Retirees suing Glenville over increased co-pays

Retirees suing Glenville over increased co-pays

Eleven retired Glenville employees are suing the town because they say they are not being reimbursed

Eleven retired Glenville employees are suing the town because they say they are not being reimbursed for increased co-pays for hospitalization and doctor visits in breach of their contract.

Civil Service Employees Association Local 1000 filed the lawsuit April 19 in state Supreme Court. At issue is a new contract town officials approved in December with the CSEA. The town switched to a lower-cost, more basic health insurance plan and also eliminated the Blue Cross/Blue Shield plan as an option for new employees.

Co-pays for inpatient hospital services increased from $25 to $30. However, the town agreed to reimburse employees up to $250 to help offset that cost. It also reimburses up to $100 the co-payment for emergency room care and $75 for outpatient surgery.

Town officials said at the time that they could save $117,000 by switching the CSEA and highway unions to the plan.

Capital Region CSEA spokeswoman Therese Assalian said the retiree benefits were diminished as a result of the change. Active employees will be reimbursed for the difference in co-pays between the old plan and the new plan. That doesn’t apply to retirees.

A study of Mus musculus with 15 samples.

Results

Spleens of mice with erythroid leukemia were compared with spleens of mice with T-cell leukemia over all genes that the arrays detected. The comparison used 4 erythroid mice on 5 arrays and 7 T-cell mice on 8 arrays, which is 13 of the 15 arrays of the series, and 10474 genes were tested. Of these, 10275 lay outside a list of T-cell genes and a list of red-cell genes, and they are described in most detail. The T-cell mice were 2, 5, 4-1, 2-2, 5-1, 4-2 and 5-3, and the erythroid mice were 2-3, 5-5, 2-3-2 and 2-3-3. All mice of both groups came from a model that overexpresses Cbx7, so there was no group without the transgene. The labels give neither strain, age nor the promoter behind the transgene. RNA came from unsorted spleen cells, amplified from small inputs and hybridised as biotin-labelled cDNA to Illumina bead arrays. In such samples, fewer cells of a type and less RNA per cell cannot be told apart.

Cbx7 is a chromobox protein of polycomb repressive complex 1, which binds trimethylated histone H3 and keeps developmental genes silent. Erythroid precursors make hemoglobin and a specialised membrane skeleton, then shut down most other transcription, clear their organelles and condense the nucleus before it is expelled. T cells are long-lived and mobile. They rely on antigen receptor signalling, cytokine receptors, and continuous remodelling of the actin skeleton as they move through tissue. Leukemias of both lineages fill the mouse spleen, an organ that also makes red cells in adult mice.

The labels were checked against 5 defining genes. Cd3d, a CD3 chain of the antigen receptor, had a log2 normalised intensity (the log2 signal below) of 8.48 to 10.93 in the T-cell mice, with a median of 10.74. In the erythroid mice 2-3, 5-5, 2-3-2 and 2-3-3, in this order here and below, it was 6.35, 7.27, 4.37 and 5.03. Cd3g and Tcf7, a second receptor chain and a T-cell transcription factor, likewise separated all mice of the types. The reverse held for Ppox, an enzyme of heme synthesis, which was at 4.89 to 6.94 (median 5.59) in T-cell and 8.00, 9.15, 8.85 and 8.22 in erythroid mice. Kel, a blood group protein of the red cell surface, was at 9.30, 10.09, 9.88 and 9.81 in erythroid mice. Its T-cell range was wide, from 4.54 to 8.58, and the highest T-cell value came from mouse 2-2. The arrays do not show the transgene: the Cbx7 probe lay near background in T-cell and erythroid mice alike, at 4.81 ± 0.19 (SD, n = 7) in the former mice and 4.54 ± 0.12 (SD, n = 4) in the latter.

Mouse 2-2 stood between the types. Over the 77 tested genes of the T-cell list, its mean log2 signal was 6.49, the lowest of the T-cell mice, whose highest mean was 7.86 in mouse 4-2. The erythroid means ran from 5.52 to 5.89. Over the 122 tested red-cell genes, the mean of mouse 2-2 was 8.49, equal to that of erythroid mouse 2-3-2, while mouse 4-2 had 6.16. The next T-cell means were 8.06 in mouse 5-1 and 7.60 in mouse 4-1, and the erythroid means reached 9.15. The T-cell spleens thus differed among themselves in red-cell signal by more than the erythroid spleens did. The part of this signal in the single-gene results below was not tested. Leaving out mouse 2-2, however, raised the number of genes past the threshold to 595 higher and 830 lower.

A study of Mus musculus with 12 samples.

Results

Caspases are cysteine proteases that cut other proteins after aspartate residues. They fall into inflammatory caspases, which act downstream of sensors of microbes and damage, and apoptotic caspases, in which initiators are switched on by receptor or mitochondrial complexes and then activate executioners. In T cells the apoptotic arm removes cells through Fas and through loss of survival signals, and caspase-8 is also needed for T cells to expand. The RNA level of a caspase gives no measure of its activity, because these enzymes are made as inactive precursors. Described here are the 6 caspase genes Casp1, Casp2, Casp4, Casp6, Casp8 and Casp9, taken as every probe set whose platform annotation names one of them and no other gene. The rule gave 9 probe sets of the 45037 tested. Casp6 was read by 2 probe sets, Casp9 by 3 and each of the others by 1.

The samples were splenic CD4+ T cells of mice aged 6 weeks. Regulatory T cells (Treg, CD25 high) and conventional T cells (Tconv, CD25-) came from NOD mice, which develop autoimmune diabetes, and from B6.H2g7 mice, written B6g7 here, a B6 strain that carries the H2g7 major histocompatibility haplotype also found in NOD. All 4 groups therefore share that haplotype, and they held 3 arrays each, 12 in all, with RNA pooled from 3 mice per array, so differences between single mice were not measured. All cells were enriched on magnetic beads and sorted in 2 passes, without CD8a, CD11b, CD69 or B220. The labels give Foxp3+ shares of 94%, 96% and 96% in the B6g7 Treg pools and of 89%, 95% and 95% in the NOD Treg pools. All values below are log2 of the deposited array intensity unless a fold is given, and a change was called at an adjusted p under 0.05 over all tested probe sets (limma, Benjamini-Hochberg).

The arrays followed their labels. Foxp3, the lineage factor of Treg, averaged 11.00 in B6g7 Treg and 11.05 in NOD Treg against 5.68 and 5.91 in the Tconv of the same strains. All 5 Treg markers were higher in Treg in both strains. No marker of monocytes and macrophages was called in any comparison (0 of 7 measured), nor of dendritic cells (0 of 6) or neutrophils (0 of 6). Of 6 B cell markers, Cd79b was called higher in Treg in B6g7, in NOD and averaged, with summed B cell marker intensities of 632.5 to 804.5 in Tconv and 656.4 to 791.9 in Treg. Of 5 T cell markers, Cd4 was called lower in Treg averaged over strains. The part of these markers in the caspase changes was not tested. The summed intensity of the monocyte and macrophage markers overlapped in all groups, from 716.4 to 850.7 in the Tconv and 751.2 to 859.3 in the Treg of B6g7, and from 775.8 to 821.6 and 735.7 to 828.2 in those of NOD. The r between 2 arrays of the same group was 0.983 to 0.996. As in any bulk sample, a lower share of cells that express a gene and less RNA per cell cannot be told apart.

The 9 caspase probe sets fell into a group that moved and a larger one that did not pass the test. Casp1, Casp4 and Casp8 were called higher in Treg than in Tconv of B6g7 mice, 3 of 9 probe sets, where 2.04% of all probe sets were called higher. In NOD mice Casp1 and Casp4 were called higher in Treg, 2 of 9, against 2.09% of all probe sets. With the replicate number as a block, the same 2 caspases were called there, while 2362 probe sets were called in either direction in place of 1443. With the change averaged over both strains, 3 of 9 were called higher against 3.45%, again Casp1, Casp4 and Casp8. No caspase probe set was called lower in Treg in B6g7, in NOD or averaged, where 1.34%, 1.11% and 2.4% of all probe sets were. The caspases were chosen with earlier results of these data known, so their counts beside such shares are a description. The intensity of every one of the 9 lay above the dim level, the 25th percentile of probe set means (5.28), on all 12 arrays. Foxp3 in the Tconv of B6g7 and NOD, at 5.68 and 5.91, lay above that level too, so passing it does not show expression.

“They’re being burdened financially,” she said. “They don’t have the same ability to receive that reimbursement.”

Although only 11 retired employees are named in the lawsuit, all Glenville retirees would benefit from the action if successful, Assalian said. The notices of claim were filed on March 17 followed by the lawsuit last week.

Supervisor Chris Koetzle said he could not comment on the litigation.

“We’re confident that our course of action was legal and it was the right thing to do for the taxpayers,” he said. “We’ll let the process play out and see where it ends.”

Town Attorney Michael Cuevas said the town has been consistent in its health care policies.

“When there have been changes made in health insurance plan offered to current employees, the same changes were made to retired employees,” he said.

One key difference is that the current employees will receive the reimbursement if they participate in a pre-tax health savings plan for premium contributions. Cuevas pointed out that retired employees obviously cannot do that because they are not on the payroll.

The next step is for the town to respond to the lawsuit within 20 days. Then it will work its way through the court system.